Tuesday, December 18, 2012
Newtown: Raising a child with disabilities in the US vs. Gun control
We are all grieving over the tragic shooting in Connecticut.
So many lives lost and so many survivors and parents who will never live life as they had before.
The media and social media quickly resorted to demanding more gun control which may be necessary. I really cannot say. It would take more time than I have to form an opinion informed enough to say what legislation we do have and what MORE gun control will achieve. It is not so obvious to me that abolishing gun ownership would save every life ended by a gun. It is just not that simple.
Even if legislation was passed, just like gay marriage, the courts would become involved because opponents of the legislation would activate suits. This article in the Atlantic is an interesting discussion of recent US Supreme Court decisions regarding attempts at gun control and the Courts understanding of the 2nd amendment's right to bear arms. My concern is that the one of the lessons to be learned from the Newton shooting has been lost and will continue to be lost in the legal and political wranglings we are seeing play out right now in the US. That lesson concerns a family grappling with a disabled child's struggles and the stress that puts on the fragile ties that currently bind American marriages.
The New York Time's has an excellent Op-Ed piece asking us not to blame Autism for Newtown. I concur. When reading the Newtown news reports I felt us all sliding back in time to a day when Autism was caused by uncaring mothers. The media has focused on the Mother's gun ownership and the son's aloofness and it seems that there is so much more we can focus on to help prevent this kind of tragedy in the future. I believe we need to focus on helping families get the help they need to remain together when they are raising a child with disabilities.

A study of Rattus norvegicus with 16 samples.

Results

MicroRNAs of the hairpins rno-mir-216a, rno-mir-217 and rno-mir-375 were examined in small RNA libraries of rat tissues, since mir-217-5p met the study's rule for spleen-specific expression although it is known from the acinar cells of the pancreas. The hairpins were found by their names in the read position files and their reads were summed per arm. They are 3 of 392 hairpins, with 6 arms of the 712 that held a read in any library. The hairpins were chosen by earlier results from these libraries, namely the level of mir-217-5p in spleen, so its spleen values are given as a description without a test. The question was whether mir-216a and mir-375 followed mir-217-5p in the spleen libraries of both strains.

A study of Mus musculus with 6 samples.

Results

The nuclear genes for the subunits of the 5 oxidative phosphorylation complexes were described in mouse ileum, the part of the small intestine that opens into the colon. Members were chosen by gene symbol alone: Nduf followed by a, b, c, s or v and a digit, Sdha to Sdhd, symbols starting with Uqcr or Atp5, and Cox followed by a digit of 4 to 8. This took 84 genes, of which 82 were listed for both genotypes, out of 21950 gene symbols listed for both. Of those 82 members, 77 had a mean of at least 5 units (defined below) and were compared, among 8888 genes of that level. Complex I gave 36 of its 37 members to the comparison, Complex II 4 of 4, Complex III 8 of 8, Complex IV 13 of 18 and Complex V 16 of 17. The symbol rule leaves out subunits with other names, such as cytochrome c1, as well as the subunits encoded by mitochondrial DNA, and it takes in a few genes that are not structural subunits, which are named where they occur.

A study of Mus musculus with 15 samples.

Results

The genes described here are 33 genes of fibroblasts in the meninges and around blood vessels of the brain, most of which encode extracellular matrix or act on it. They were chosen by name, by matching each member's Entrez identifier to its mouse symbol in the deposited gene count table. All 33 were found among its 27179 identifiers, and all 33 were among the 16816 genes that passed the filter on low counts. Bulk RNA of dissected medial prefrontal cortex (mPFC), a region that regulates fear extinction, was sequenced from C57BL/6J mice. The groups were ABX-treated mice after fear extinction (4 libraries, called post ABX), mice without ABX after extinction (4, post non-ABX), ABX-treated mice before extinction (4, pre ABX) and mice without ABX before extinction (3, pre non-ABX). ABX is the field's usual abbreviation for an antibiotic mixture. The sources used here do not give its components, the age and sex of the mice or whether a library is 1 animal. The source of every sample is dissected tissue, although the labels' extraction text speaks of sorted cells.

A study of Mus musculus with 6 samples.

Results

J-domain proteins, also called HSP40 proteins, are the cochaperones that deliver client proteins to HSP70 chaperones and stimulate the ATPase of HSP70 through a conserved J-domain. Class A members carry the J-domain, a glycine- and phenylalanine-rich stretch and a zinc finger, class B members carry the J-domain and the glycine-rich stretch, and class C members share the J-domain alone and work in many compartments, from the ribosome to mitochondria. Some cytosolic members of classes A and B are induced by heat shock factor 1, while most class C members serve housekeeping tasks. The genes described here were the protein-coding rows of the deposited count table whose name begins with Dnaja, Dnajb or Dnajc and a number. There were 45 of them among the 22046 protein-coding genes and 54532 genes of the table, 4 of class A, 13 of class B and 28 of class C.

As a society, among all the other things we need to worry about, we must see that this specific kind of family fracture is happening everywhere all of the time. Our schools can only do so much. While so many of us are DEMANDING gun control, which will cost money to pass and enforce, let us also consider the soft, non-legal and political response. How do we help these families survive and raise kids with disabilities and not lose themselves to burnout in the process? Why not consider that impossibly big problem and try to solve that as well?
I want us to think outside the box and with our hearts. I doubt any legislation is going to solve the myriad of problems that led to this result. I wish we could go back "13 seconds" like the Omega 13 device from the movie Galaxy Quest. Going back and removing access to guns is not enough of a solution for me. I wish we could go back and at least know that there was not more we could have done as a society to support ALL parents with children who demand more.
This is not one more entitlement. This is asking of States and Cities, churches and non-profits to begin to think what role they have in not preventing a recurrence of this tragedy. How have we all let these families down?? Pass gun control if that will help but it is just a band-aid. Lets try and be brutally honest about the limitations of the law and conceive of real solutions that will actually help people deal with what they face in life. Maybe it is not more than simply educating families and pointing them to where support is available. Let's start talking about THIS alongside other solutions that are so very politically laden.